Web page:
I am a recovering multi-tasker. That’s right. I spent the first nine years of my career in New York, in an industry where multi-tasking was a highly sought-out skill. And I was incredibly proud of my multi-tasking abilities.
I said “yes” to every request, jumped from task to task, and worked all hours to meet deadlines. I was incredibly busy but questionably productive.
But then a few things happened that forced me to evaluate how I worked. I had a family, I moved to Cleveland, and I began working as a consultant with Willory. I had multiple clients with competing needs, in addition to a husband and children I wanted to see. Working all evening until things were done was no longer an option. I realized my way of working was no longer…working for me.
I’m here to say that I’m no longer a proud multi-tasker, and I’m now focused on harnessing the power of uni-tasking. This concept was introduced to me by John Bernatovicz, and I made it my mission to use it to improve my productivity. Here’s what I learned…
It’s a myth universally accepted that multi-tasking improves productivity. In fact, there is no such thing as multi-tasking, alternately it’s actually switch-tasking and it can not only hinder productivity but can harm your health.
Some facts about switch-tasking:
Imagine if your organization could gain back 50-75% in productivity. What HR and payroll policies and strategies could you improve when you’re more focused on being proactive instead of reactive? Could you cut down on payroll errors or costly litigation? In addition to increasing productivity, focusing on one task at a time helps your health. When you switch-task, your body releases cortisol…the stress hormone and distracted people experience a 10-point drop in their IQ. This means, in addition to being behind on tasks, you’re now stressed out and not as smart.
Let that sink in for a second.
So, how can you improve your productivity? Here’s my uni-tasking silver bullet:
One of the biggest differences between people who are productive and busy people, is that productive people set aside time for planning. Make a list of everything you need to do, then break large tasks into smaller tasks, estimate the amount of time, and set deadlines.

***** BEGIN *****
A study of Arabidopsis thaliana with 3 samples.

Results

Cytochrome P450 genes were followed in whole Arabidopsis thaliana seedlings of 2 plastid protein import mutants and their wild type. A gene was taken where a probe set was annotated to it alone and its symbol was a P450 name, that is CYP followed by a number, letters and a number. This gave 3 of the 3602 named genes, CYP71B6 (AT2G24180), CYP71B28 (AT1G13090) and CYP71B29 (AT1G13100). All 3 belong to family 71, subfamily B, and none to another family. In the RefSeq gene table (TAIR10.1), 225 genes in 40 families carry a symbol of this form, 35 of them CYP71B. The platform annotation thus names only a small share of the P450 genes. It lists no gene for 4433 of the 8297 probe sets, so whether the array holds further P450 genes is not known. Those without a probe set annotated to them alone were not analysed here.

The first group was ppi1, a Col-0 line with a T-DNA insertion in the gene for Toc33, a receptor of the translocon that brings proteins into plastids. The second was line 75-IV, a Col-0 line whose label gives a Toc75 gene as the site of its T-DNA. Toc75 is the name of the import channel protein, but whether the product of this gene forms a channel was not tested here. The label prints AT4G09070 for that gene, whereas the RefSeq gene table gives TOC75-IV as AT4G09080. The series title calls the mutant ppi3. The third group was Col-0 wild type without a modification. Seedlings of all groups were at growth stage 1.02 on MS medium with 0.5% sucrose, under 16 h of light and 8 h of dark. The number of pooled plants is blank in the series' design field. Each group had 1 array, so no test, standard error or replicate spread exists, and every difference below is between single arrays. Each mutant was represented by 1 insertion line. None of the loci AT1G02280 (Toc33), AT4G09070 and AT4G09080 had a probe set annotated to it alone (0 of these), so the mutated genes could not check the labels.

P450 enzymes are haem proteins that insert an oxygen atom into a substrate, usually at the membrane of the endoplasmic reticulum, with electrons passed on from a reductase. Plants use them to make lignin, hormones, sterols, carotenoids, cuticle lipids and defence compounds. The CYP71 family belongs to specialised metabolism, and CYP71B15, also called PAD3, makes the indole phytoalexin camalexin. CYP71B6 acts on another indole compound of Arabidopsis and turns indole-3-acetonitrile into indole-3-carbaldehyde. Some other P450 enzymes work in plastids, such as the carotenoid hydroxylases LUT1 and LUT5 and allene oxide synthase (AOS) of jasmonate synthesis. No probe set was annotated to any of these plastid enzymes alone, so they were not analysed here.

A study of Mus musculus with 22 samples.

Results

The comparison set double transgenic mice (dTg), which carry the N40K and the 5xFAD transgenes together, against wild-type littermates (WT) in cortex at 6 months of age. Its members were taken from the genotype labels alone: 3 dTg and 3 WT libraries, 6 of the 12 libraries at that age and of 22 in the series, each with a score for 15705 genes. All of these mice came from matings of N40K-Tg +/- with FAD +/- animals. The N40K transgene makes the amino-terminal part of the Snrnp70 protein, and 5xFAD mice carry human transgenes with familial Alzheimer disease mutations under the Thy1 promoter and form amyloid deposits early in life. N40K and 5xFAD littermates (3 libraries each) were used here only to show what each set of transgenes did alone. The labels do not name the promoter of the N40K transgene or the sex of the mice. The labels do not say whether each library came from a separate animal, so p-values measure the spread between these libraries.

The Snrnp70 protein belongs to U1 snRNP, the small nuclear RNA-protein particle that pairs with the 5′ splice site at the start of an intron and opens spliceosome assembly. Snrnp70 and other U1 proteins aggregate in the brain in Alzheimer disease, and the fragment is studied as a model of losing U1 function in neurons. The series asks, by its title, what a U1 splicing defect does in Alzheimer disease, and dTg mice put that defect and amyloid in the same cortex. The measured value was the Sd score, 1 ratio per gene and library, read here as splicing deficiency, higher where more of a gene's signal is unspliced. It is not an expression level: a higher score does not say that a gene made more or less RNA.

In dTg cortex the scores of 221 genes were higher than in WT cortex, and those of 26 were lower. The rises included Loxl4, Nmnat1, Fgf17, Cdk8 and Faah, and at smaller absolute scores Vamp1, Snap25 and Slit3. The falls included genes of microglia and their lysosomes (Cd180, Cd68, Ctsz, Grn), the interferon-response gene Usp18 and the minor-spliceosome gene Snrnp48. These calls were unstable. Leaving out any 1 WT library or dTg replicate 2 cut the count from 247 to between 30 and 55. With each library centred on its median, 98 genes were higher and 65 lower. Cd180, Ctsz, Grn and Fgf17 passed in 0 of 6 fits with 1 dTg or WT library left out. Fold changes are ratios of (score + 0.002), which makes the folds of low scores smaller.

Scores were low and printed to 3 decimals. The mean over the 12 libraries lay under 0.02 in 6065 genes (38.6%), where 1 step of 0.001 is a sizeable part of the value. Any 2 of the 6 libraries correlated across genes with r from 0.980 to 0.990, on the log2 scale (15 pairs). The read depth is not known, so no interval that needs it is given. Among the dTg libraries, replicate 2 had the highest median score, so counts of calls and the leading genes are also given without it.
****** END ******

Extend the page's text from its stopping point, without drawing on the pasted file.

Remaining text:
According to Parkinson’s Law, work expands to fill the amount of time available for completion. Instead of allowing things to drag on, set realistic deadlines and plan to meet those deadlines.
Do you know the difference between urgent and important? Urgent tasks are ones that require immediate attention and put us in a reactive mode. Important tasks are activities that contribute to our long-term mission, vision, and goals. When we focus on important activities we operate in a responsive mode, which helps us remain calm, rational, and open to new opportunities.
Your priorities should be on your calendar and should be non-negotiable. If you have to move something, do so, but do not cancel the activity.
We all face them constantly throughout the day. Especially when it comes to email. We recommend you turn off email, add an out of office, and don’t give in to the temptation of checking your inbox.
Accountability is NOT about beating yourself up. It is about checking in on where you are at TOWARDS YOUR GOALS, examining the why have/haven’t made progress, and then taking steps to correct course.
To take the idea of planning and scheduling time one step further, I like to practice the 3 “B’s”:
By prioritizing tasks, blocking out my schedule, and eliminating distractions, I’m able to accomplish so much more with my day. I’m able to move my focus beyond what is merely urgent to what is truly important in my life – both professionally and personally.
This balance is why I’m so passionate about uni-tasking. It has helped me shift from being busy to productive. What are your tips to being more productive?